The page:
Kisumu jetty all set, but Uganda asks for time to fix complex parts

Thursday September 17 2020

An aerial view of Lake Victoria showing the newly refurbished Kisumu Port and the Kisumu Oil Jetty. PHOTO | TONNY OMONDI | NMG


Uganda’s prolonged delays in completing the construction of an oil jetty on its side of Lake Victoria has frustrated Kenya’s efforts to relaunch the Kisumu Port, whose refurbishment last year cost taxpayers $30 million (Ksh3 billion).

Nairobi has since August last year been counting on revival of Kisumu Port to create thousands of jobs and revive the economy of Western Kenya by re-opening the key road-rail-and-water transport corridor.

Uganda is months behind schedule on completion of its oil jetty, which forms the major component of the revived seaway.

“The Kenyan oil jetty was completed and is ready for use but unfortunately our counter partners on the other side of the lake, which is Uganda, are not ready,” said the Kenya Pipeline Corporation (KPC) managing director, Dr Macharia Irungu, in a presentation to the Senate Standing Committee on Energy last week.

Kenyan President Uhuru Kenyatta late last month made an impromptu visit to the port, one of many tours of the facility that he has taken since it was completed in August last year.

He silently departed without any announcements on the timelines for the facility’s re-launch, prolonging what is already a long wait for Kisumu residents who had hoped for an economic boost from the port.


KPC has opened talks with Tanzania, Dr Irungu said, on the possibility of supplying the Musoma Port via Kisumu.

The Ksh1.7 billion ($17 million) Kisumu oil jetty was itself finished more than two years ago, in 2018.

It is designed to facilitate easy transportation of petroleum products to Uganda, Rwanda, Burundi, South Sudan and parts of the Democratic Republic of Congo.

Use of Lake Victoria

“We are now encouraging Uganda and Rwanda to draw their fuel not from Mombasa or Eldoret but from Kisumu and then use Lake Victoria to cross and that is operational as we speak. These are all initiatives that were discussed as part of East African integration,” Kenya’s Cabinet Secretary in-charge of the East African Community (EAC) Affairs, Mohammed Adan, told The EastAfrican.

The Kisumu Port refurbishment, touted as product of the political camaraderie between President Kenyatta and Opposition leader Raila Odinga, is a multimodal regional gateway that has been neglected for decades as transporters shifted to use of the road.

The Kenyan government is also reviving the metre-gauge railway connection to the port from via the Mombasa to Naivasha standard gauge railway.

The Kisumu port is seen as the linchpin to increasing trade with the neighbouring countries.

Kenya Railways has refurbished the MV Uhuru, a vessel that will be used for transportation of goods between the Kisumu Port and Uganda harbour of Port Bell.

“Ultimately the best way to transport fuel is via Kisumu oil Jetty but the jetty in Uganda is not in place. So what we are doing is to maintain the jetty ready for operation. Separately we are selling petroleum products to Uganda via Lake Victoria port using the MV Uhuru,” said John Ngumi, the chairman of the Industrial and Commercial Development Corporation (ICDC) and former chairman of the Kenya Pipeline Corporation.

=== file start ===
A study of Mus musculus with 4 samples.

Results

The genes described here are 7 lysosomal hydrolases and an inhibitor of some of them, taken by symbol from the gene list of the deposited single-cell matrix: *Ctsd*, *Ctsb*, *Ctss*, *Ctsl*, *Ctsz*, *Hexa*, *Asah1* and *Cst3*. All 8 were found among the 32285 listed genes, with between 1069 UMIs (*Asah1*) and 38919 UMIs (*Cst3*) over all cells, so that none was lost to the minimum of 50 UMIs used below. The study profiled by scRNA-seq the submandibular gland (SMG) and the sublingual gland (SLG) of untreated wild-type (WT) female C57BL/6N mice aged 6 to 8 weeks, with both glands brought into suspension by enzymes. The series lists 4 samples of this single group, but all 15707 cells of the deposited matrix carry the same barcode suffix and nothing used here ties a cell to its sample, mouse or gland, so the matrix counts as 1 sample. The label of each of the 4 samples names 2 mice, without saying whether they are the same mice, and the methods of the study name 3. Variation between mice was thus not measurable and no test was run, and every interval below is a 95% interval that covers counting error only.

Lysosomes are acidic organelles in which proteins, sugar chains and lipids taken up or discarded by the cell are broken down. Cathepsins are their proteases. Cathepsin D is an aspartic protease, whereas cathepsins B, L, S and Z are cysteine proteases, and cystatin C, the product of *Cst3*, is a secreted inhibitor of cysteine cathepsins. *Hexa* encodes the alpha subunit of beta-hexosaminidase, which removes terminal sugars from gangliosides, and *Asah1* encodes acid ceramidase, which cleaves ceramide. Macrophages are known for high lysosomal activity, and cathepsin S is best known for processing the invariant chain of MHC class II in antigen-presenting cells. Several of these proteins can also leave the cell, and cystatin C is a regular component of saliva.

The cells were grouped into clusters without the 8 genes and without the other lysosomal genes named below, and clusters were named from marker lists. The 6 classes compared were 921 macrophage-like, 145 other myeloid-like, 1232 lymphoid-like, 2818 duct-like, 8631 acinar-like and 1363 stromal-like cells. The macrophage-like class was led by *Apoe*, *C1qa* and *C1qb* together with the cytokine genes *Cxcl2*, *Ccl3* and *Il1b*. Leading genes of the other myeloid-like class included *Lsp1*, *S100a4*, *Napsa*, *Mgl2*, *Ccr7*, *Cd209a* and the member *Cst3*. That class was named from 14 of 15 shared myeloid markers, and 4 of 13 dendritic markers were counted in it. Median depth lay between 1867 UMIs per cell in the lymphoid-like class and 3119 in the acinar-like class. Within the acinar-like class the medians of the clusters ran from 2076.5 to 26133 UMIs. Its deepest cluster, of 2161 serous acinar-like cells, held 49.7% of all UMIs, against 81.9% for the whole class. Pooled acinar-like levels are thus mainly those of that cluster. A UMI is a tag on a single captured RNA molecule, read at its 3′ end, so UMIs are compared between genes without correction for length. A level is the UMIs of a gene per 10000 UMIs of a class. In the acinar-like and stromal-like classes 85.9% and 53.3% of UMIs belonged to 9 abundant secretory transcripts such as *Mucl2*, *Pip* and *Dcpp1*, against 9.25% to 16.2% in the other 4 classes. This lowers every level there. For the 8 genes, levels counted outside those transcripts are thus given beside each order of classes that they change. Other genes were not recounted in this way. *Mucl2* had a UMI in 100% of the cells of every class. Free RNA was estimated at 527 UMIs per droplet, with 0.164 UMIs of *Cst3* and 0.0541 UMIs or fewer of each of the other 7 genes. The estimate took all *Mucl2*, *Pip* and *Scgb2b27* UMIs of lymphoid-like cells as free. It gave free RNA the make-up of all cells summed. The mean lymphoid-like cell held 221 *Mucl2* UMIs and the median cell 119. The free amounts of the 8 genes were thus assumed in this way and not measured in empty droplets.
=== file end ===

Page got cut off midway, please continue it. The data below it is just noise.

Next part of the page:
According to Mike Mukula, chairman of Mahathi Infra Uganda Ltd, the consortium of private investors comprising India’s Mahathi Infra Group, Kenya’s Siginon Group and Uganda’s Fortune Energy that is building the jetty on the Ugandan side, the project is 80 per cent done and completion is slated for the first quarter of next year.

Completion of the $270 million project has also been affected by the Covid-19 pandemic.

More than a jetty

“We are on course to completing the facility and we apologise to Kenya for the delays. We must appreciate this was a complex project that involves not just the jetty but also storage tanks, pipes, ships and even roads,” Mr Mukula said in an interview.

Initially the company had attributed the delays to challenges of securing funding but that has now been resolved with Equity Bank, which is among the key financiers of the project, providing $70 million.

Shareholders of the consortium companies are providing the balance of the funding.

The total installed capacity of the 14 tanks is 70 million litres, way much more than the Kisumu and Eldoret depots combined, and the jetty is designed to enable seamless availability of petroleum products to neighbouring countries.

When complete, Uganda will for instance have a massive supply headroom considering the country’s consumption is 4.5 million litres per day.

Already, oil marketers like Shell/Vivo, Total and Mogas have signed off-taker agreements with Mahathi, making the jetty a key facilitator of petroleum trade in East Africa.

The completion of Uganda’s jetty is crucial to the commercial viability of the Kenyan project, since Kampala is the major recipient of Kenya’s oil products, accounting for about 70 per cent of all exports.

The jetties are expected to have higher safety and reliability and ensure efficient delivery of petroleum products across the region, removing an estimated 100 oil tankers from the roads.

The Lake Victoria port network also includes Mwanza, Musoma, and Bukoba in Tanzania and Entebbe and Port Bell in Uganda.

KPC expects to ride on both the port and jetty to increase it exports to regional markets, where it has lost about 30 per cent of its business to Tanzania, which exports through the central corridor.